Ignite publishers have the option to distribute ebooks to the Library market.
There are three Library Ebook Sales Models that library pricing triggers. When you provide a library price, a sale can happen through any of these models:
-- Single-User – One End User is allowed access to the Digital Title at any one time.
-- Three-User – Three End Users are allowed access to the Digital Title at any one time.
-- Pay-per-use Model – An unlimited number of End Users may access the Digital Title at any given time. Profits are shared equally between the Reseller and the Publisher.
The purchase price is calculated differently for each of these models:
-- Single-User – The Purchase Price for this model will be calculated by multiplying the List Price by the Purchase Discount and subtracting this amount from the List Price.
-- Three-User – The Purchase Price for a Digital Title distributed pursuant to this model will be calculated by multiplying the List Price by the Purchase Discount; subtracting this amount from the List Price; and then multiplying this amount by one hundred fifty percent (150%).
-- Pay-per-use Model – The Purchase Price for this model will be calculated by multiplying the List Price by the Purchase Discount and subtracting this amount from the List Price, and then the remaining amount will be multiplied by fifty percent (50%).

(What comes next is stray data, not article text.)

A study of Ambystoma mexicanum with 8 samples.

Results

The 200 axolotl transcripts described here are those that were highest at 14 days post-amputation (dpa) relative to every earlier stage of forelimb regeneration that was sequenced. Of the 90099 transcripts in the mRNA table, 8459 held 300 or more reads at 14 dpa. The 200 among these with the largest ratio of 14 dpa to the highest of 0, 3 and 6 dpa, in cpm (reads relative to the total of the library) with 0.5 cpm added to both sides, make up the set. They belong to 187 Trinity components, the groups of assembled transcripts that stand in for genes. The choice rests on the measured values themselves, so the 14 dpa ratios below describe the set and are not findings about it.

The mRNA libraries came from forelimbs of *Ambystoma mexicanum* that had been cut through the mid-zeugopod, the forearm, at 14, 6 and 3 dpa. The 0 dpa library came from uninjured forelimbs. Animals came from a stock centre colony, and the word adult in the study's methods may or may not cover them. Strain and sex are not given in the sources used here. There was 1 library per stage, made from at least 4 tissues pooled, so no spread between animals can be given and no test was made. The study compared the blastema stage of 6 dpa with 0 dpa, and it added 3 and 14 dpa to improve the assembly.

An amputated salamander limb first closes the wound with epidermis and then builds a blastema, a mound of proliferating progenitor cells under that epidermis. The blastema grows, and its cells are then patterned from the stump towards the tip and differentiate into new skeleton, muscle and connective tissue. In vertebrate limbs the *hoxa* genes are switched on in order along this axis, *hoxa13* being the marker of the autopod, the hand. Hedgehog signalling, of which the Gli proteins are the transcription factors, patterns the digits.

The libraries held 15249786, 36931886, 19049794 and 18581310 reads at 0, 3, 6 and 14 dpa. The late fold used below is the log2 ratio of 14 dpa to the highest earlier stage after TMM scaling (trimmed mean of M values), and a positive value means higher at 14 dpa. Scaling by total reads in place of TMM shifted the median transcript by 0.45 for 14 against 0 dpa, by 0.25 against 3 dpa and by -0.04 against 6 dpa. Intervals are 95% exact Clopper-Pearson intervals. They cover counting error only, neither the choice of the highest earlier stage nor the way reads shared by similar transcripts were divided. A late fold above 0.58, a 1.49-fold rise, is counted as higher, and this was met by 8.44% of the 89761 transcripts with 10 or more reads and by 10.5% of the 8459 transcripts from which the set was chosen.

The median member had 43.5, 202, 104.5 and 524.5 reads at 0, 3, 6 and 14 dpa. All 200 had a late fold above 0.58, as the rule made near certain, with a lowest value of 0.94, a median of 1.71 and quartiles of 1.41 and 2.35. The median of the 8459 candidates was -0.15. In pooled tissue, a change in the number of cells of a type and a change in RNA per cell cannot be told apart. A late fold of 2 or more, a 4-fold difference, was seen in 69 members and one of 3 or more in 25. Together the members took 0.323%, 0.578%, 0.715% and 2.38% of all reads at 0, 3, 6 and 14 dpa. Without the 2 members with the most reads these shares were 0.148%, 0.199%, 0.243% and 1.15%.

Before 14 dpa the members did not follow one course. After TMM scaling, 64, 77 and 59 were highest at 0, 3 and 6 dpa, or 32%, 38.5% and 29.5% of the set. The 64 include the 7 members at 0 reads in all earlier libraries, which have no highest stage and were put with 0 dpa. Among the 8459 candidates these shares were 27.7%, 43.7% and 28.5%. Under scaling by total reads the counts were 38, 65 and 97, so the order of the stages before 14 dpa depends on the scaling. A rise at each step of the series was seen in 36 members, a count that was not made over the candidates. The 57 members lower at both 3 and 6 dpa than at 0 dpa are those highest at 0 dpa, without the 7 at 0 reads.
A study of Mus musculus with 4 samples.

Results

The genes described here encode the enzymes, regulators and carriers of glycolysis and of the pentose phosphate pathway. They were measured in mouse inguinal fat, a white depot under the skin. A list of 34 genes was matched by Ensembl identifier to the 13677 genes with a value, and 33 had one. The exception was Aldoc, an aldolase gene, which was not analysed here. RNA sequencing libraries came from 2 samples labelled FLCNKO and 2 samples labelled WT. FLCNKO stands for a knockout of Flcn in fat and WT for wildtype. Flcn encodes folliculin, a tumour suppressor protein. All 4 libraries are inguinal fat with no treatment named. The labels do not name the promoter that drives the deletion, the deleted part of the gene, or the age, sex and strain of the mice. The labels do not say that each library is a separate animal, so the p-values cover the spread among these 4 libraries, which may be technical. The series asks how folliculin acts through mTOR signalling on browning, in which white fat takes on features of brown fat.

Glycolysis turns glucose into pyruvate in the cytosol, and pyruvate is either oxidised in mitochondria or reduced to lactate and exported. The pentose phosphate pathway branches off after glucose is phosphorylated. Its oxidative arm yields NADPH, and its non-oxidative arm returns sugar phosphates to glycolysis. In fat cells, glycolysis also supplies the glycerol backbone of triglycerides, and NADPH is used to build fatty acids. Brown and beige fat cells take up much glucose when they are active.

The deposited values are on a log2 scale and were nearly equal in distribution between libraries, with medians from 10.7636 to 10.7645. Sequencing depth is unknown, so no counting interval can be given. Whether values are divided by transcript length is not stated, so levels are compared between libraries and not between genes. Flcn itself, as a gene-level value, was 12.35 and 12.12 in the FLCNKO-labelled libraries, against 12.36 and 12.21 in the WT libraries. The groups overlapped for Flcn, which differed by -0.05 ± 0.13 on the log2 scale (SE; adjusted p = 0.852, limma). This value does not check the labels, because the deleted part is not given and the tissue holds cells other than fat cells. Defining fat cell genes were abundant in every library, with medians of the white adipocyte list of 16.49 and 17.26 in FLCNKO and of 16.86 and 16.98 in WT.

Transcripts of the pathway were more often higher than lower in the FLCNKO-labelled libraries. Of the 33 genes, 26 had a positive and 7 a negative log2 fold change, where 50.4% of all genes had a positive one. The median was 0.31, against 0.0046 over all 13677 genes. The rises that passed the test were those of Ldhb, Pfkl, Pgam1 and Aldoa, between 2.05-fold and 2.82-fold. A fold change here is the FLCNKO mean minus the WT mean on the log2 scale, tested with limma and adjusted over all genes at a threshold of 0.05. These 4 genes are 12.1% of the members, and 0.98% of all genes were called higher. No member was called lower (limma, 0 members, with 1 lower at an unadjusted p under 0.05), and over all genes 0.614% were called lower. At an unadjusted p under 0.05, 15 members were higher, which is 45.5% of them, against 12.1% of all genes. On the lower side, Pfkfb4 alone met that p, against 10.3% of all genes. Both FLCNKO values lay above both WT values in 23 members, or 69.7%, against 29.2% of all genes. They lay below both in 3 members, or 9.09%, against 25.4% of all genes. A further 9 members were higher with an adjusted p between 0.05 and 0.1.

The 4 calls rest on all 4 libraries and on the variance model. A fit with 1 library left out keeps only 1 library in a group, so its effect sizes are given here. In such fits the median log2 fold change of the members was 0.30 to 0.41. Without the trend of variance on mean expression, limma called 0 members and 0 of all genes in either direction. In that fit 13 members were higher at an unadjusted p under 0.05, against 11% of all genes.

Each ebook partner uses their own sales model. We will send the below models to these partners:
-- Single-User – Bibliotheca, Bolinda, De Marque, EBSCO, Follett/B&T, Gardners, hoopla, Mackin, Odilo, OverDrive, ProQuest, RecordedBooks/WF Howes, Wheelers
-- Three-User – EBSCO, Gardners, ProQuest
-- Pay-per-use Model – hoopla (Midwest Tapes)
The preview requirement for each library sales model can also differ.
-- Single-User – 10% of Digital Title
-- Three-User – 10% of Digital Title
-- Pay-per-use Model – No preview requirement
Pricing an Ebook for Library Markets
Publishers selling their ebooks in library channels now can offer different digital list prices to libraries and retailers.
The publishing industry’s primary argument for having a different (usually higher) ebook price for a library is that ebook files aren’t subject to the same wear and tear as a physical book. Physical books with lots of checkouts get worn out and re-ordered. ebooks do not. To make up for this potential lost revenue, some publishers may set higher ebook pricing for the library market.
There is no one industry standard for ebook pricing to libraries. Publishers continue to
experiment with different pricing models and our main goal is to provide our clients with the flexibility to adopt different ebook pricing models for different kinds of customers.